TORONTO — Brain injuries, excessive alcohol consumption and exposure to air pollution can all increase the risk of dementia, according to new research.
Those three actions have been added to a list of risk factors avoidable behaviours that experts believe to be responsible for approximately 40 per cent of all dementia cases.
“We’ve shown that a lot of dementia is potentially preventable and that could give individuals hope of not developing dementia, and also change things for their families and for society,” Dr. Gill Livingston, the lead author of the research and a professor of psychiatry of older people at University College London, told CTV News.
Livingston’s team estimates that three per cent of all dementia cases are caused by mid-life head injuries, two per cent by exposure to air pollution late in life, and one per cent by excessive mid-life alcohol consumption.
Given there are 50 million people living with dementia around the world, this suggests that alcohol consumption alone is responsible for approximately 500,000 cases of dementia, with air pollution being the cause of one million and head injuries 1.5 million cases. All of these numbers will likely multiply over the coming decades, the research says, as the worldwide number of dementia cases is expected to hit 152 million by 2050.
Among the previously identified dementia risk factors, the most significant are mid-life hearing loss, education and smoking in later life.
“I think that very few people know that the biggest risk factor for dementia is … hearing loss and mid-life,” Livingston said.
Lesser risk factors, in order of significance, include depression, social isolation, physical inactivity, mid-life hypertension, mid-life obesity and diabetes.
The research was compiled by 28 leading dementia experts and published Thursday in The Lancet.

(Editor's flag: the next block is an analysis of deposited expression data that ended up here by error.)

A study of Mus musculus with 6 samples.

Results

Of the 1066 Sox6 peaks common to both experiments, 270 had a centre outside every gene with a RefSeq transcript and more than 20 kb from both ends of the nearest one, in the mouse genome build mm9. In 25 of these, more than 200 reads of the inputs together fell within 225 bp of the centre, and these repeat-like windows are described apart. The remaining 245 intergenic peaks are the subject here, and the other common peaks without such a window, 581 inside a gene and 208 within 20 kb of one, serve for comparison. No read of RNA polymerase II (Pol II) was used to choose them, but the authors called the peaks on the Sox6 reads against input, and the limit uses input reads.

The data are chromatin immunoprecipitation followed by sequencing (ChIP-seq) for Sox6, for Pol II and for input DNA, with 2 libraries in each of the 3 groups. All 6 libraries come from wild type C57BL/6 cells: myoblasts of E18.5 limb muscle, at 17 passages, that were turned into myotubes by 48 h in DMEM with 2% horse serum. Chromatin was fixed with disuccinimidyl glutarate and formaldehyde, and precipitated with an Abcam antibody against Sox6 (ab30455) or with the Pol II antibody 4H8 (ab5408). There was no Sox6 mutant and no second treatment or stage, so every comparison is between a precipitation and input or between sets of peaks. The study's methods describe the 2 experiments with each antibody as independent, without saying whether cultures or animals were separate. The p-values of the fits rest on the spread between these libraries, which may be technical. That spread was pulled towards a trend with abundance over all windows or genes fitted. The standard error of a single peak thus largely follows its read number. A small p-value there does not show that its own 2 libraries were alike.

Nalini Sen, the director of research at the Alzheimer Society of Canada, said she believes the specifics the research offers around blood pressure, alcohol consumption and other health indicators is beneficial.
“By providing those parameters, we’re given better guidance and information … to make informed decisions and to take control of our health,” she said.
“The more information we have, the better it’ll be for us.”
More than 20 units of alcohol per week approximately two bottles of wine is considered excessive.
Dr. Kenneth Rockwood, a geriatric medicine professor at Dalhousie University in Halifax, described the research as important, in part because there is no cure or effective long-term treatment for dementia only ways to prevent the memory loss and cognitive decline it causes.
“When I started in this field in the late 1970s, the notion of … prevention was felt to be unreasonable,” he told CTV News.
“Now, we’ve begun to realize in the last 20 years that it looks like we can prevent dementia, to some extent.”
That discovery is increasingly important as the world’s population ages, Rockwell said. The oldest baby boomers will turn 75 in 2021, entering the age bracket where dementia is most likely to strike.
To that end, the experts also offered nine recommendations to help prevent future cases of dementia, some aimed at governments and others at individuals. The list includes:
- Maintaining systolic blood pressure at or below 130 mm Hg from the age of 40 onward
- Encouraging the use of hearing aids and protecting ears from high noise levels
- Reducing exposure to air pollution and secondhand smoke
- Preventing head injuries, in part by targeting high-risk occupations
- Limiting alcohol consumption to less than 21 units per week
- Stopping smoking and governmental anti-smoking measures
- Providing all children with primary and secondary education
- Leading an active life into the mid-life years, and perhaps even later
- Reducing obesity and diabetes
The experts say evidence from countries where dementia rates have fallen suggests that taking these actions and addressing the risk factors can make a significant difference in preventing dementia cases.
“Putting all of these things into effect will not only reduce the risk of dementia, but make people more likely to live a better, healthier life with increased quality of life and without side effects,” Livingston said.
Those changes don’t have to start at a young age. Both Livingston and Rockwood stressed that even for those already moving into retirement, there is still time to adopt behaviours that can reduce the risk of dementia.
“For people who are in their 70s and feel ‘This doesn’t mean anything to me because it is too late for me,’ that’s not true,” Rockwood said.
“It’s never too late. It’s never too late to stop smoking. It’s never too late to moderate your drinking. It’s never too late to engage in physical exercise.”